Cadence Design Systems’ Tensilica group has organized its machine-learning platforms into three families intended to cover a wide range of on-device AI applications, based on a combination of custom instructions and reworked accelerator engine.
The low end of the range is covered by AI Base, in which the existing Tensilica configurable processors are provided with instruction-set extensions to handle common inferencing operations. For higher-performance work, the company has defined the AI Boost platform that combines extensible processors with the company’s latest generation of accelerator, which it calls the neural network engine (NNE). The last, AI Max, is intended as a turnkey option for applications such as ADAS, in which multiple accelerators are combined to support throughput of up to 32 TOPS in the initial products.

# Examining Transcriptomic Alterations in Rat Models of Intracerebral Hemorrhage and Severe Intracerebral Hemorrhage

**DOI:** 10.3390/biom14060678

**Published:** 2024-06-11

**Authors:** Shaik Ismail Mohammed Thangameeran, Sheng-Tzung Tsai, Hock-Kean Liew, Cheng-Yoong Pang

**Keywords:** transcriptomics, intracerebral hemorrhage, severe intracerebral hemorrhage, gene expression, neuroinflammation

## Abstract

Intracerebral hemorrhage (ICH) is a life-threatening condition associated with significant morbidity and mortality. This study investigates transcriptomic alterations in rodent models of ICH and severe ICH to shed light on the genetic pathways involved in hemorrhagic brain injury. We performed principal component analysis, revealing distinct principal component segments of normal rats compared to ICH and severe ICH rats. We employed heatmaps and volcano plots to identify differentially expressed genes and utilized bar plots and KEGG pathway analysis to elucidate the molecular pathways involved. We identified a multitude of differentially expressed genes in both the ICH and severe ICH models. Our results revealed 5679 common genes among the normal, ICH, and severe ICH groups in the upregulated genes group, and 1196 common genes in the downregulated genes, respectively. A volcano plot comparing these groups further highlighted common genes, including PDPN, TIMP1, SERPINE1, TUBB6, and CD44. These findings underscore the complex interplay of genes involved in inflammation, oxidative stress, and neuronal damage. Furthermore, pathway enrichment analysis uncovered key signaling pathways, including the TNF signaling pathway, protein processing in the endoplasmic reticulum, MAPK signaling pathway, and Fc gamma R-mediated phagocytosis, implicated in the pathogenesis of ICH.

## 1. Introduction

According to Pulin Desai, group director of marketing and business development at Cadence, the NNE has native support for most common layers, offering acceleration for activations, pooling and LSTM-type layers as well as convolutions.
The cores are accompanied by a software framework and compiler that performs optimizations such as pruning and weight clustering that are commonly used to shrink models trained on a server to versions that can run on edge devices. In addition, the accelerator cores support tensor compression, in which both weight and input data are compressed before transfer to main memory and decompressed on the fly before being processed by the execution pipeline. This compression reduces the amount of memory that needs to be transferred in and out of memory, which helps to reduce energy consumption overall. The software environment supports models created by TensorFlow, ONNX, PyTorch, Caffe2, TensorFlowLite, and MXNet.